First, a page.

By Ryan Weeks on 1st June 2018
18-24 year-olds trust Amazon and PayPal above banks, according to a new study.
Nearly four in five UK consumers do not trust Facebook to hold and maintain the privacy and security of their data.
That is one of the key findings from a new study by RFi Group, entitled Winning the post-PSDII & Open Banking Customer. It is based on online interviews of over 2,000 consumers, with fieldwork conducted during the immediate aftermath of the Cambridge Analytica scandal.
Crucially, it also found that millennials (18-24 year-olds) trust tech firms like Amazon and PayPal to hold their personal data more than they trust banks to. The finding is significant in the context of the recently-launched Open Banking framework in the UK, which allows third-parties to access bank data, as and when consumers choose to allow access.
The report also showed that information security is the most important factor for consumers when deciding with whom to share their data.
The study contained mixed findings for banks. A mere 9 per cent of UK consumers are dissatisfied with their provider’s existing digital banking capabilities.
Meanwhile, just 3 and 16 per cent of those surveyed have heard of PSD2 and Open Banking respectively. In a related finding, 1 in 3 consumers claim to share personal information with apps, while 7 in 10 use apps that require the sharing of personal information. This, according to RFi, shows a disconnect between awareness and reality in data sharing.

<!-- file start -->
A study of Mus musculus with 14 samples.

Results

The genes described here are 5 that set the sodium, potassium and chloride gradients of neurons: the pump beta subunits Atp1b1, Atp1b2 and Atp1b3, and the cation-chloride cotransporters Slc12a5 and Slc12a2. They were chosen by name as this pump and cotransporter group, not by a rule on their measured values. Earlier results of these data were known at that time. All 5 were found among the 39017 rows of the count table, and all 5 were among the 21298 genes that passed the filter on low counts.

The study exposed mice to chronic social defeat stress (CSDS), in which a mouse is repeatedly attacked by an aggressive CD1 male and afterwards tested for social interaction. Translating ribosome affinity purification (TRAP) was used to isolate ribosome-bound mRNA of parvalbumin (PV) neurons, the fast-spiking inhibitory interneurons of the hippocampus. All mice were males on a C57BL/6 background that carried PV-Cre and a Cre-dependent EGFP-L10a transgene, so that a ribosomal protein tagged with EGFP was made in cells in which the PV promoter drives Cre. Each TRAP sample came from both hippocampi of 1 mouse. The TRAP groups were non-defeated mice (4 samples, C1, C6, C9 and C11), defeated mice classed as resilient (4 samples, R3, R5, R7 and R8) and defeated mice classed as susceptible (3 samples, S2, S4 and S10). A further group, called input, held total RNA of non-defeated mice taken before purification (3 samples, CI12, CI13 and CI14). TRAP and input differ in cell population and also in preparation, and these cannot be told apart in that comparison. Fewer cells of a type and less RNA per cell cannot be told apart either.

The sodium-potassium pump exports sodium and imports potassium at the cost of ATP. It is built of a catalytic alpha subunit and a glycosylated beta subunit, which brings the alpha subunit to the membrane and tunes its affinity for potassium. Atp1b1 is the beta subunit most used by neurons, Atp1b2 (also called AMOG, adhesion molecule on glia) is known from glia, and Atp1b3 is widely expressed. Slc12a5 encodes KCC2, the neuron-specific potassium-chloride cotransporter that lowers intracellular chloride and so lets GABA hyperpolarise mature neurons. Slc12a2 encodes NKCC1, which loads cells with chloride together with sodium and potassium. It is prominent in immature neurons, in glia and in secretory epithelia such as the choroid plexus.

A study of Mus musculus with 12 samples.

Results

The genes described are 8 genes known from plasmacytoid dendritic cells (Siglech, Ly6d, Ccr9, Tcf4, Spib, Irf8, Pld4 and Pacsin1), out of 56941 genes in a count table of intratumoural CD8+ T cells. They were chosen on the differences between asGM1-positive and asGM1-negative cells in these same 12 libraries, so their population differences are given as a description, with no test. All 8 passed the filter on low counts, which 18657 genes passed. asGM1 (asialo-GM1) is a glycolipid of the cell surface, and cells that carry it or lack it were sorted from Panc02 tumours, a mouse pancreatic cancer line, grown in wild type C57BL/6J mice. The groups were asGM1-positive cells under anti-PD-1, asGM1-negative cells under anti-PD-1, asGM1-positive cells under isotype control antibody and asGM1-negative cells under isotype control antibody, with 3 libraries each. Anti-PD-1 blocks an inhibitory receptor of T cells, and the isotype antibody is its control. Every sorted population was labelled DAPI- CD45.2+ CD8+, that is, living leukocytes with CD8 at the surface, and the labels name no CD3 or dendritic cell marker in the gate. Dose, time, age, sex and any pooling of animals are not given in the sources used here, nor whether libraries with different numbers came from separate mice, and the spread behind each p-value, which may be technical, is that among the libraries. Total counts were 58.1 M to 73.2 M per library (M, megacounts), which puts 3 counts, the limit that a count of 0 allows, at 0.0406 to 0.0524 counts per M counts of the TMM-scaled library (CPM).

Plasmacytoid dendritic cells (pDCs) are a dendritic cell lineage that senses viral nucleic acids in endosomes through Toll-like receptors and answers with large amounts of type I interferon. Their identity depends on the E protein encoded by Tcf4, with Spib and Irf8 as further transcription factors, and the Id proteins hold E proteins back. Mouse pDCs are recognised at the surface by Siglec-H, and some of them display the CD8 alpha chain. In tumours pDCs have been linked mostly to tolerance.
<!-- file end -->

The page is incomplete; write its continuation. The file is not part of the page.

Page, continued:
Third-party apps that manage finances and new/emerging technology companies were in the bottom three categories in terms of consumer trust, which is a sign that fintech firms still have a lot to do to win consumers’ trust. RFi says that the most important factors in ‘breeding comfort’ for data sharing are brand presence and longevity.
Charles Green, CEO of RFi Group, said in a statement: “At an overall consumer level, from a trust-scale point of view, banks are in the lead by a small margin. However, PayPal, Amazon and the card schemes are very close behind, and are winning for younger millennials. As the report shows that consumer behaviour will continue to be dictated by who they trust and distrust, the threat from Facebook can most likely be discounted, however there should be concern around what PayPal and Amazon might do. Traditional banks should be thinking specifically about what those brands have done to earn consumer trust.”
AltFi is returning to Amsterdam for its second annual Summit in the city. The inaugural event last year was a roaring success, with key figures from across Continental Europe's alternative finance and digital banking sectors highlighted. These included Jeroen Broekema, managing director of Funding Circle Netherlands, and Mieke van Engelen, head of innovative partnerships at ABN AMRO's standalone lending platform, New10.